He has talent, wealth and every reason to brag, but Todd Helton cannot bring himself to utter words of self-promotion.

Instead, Helton rests his chin on the top of his bat and speaks in the humble tone of a man who has something to prove rather than one who represents the future of the Colorado Rockies.

"I'm definitely not what you'd call a star by any means," Helton said before signing a four-year, $12 million contract Tuesday. "I don't like to talk about it. It's kind of awkward for me. I don't want to be put into the spotlight."

Helton, 25, emerged from the shadows last season by hitting .315 with 25 homers and 97 RBIs. He led all rookies in the triple crown categories and finished second to Chicago Cubs pitcher Kerry Wood in the NL rookie of the year voting.

Wood finished nine points ahead of Helton in the closest vote in 16 years. While the residents in Helton's hometown of Knoxville, Tenn., absorbed another perceived snub -- Tennessee quarterback Peyton Manning finished second in the 1997 Heisman Trophy voting -- Helton moved on quickly.

"Was I disappointed? Yeah. For about 15 seconds," he said. "Did I think about it again? No. I just got sick of hearing people talk about it. "

"If I was going to win it, I didn't want to win it for myself. I wanted to win it for the Rockies because they've never had anybody win it. It would have been a good honor."

Recognizing the talent in front of them, the Rockies approached Helton before spring training and asked if he would be willing to think about signing a long-term contract.

"It sort of blew me away," he said.

While genuinely flattered by Colorado's interest, Helton was clearly uncomfortable talking about becoming a millionaire as the negotiations played out during the first two weeks of spring training.

Helton and the Rockies eventually agreed on a four-year deal that will pay him $750,000 in 1999, $1.3 million in 2000, $4.95 million in 2001 and $5 million in 2002.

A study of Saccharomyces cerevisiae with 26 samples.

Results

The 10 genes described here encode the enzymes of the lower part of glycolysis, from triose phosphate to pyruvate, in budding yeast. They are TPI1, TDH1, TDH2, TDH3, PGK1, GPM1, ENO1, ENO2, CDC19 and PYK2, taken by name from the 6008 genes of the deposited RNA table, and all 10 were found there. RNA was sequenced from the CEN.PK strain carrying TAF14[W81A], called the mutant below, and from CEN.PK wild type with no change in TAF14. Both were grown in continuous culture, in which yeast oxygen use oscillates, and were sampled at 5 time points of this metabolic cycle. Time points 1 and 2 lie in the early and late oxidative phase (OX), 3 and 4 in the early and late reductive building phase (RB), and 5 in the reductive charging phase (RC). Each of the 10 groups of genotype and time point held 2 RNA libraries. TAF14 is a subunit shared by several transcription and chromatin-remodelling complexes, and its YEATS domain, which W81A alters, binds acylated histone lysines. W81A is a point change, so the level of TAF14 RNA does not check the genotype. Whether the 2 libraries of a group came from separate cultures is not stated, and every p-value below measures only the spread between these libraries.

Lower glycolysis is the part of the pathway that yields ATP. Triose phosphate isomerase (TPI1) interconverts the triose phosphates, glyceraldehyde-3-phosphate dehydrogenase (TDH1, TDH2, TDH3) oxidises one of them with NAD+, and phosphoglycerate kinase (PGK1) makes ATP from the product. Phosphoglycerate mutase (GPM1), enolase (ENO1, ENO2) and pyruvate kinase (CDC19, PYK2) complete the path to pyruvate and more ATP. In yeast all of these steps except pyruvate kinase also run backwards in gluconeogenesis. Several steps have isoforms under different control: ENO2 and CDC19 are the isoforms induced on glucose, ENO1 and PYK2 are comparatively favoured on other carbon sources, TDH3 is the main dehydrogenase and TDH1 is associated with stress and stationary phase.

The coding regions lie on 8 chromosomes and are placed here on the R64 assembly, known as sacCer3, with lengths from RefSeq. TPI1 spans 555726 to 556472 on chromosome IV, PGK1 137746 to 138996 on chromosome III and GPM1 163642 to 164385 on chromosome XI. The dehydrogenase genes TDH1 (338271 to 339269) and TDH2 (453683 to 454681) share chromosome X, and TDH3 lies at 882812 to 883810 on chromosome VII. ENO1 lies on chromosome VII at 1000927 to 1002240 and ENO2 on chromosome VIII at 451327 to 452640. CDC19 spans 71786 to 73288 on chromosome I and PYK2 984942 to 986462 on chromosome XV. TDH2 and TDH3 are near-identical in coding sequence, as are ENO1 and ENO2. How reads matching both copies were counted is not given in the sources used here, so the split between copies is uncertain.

"I hope I outplay my contract," Helton said when asked if he feared the contract would become paltry in the age of exorbitant salaries. "That will mean the Rockies saved money and I'm playing well."

The road to a six-figure contract unfolded slowly for Helton, a former first-round draft pick who was a two-sport star at Tennessee.

Playing with the pressure of replacing two-time All-Star Andres Galarraga, Helton floundered in his first month in the majors, hitting .259 with no homers and 12 RBIs.

b>"There's no normal reason a kid with his talent should go six weeks without falling into a home run," Rockies hitting coach Clint Hurdle said. "It was just classic overtrying and not staying with his strengths and doing what he's capable of doing. Once he did that, he took off."

Helton hit his first homer of the season on May 5 and slowly proved he could handle left-handed pitchers. He was tireless in the batting cage and diligently worked to improve his defense at first base.

"He's a very appreciative young man for what's happened, and I think he's also one of those guys that found out that it's not going to be easy," Rockies manager Jim Leyland said, "but he knows he can compete up here and he knows he can be successful."

Convinced Helton was ready to play everyday, the Rockies traded utility player Greg Colbrunn to the Atlanta Braves on July 30, leaving Helton to sink or swim in August and September.

Helton responded by hitting .363 with eight homers and 41 RBIs over the final two months, giving voters something to think about as they pondered their choices for rookie of the year.

Though Helton finished second, he got a boost when Tennessee won college football's national championship in January. Throw in a new contract and life is good for one of baseball's richest second-year players.

"I'm in the big leagues," Helton said. "They have to be going pretty well if I'm playing in the big leagues."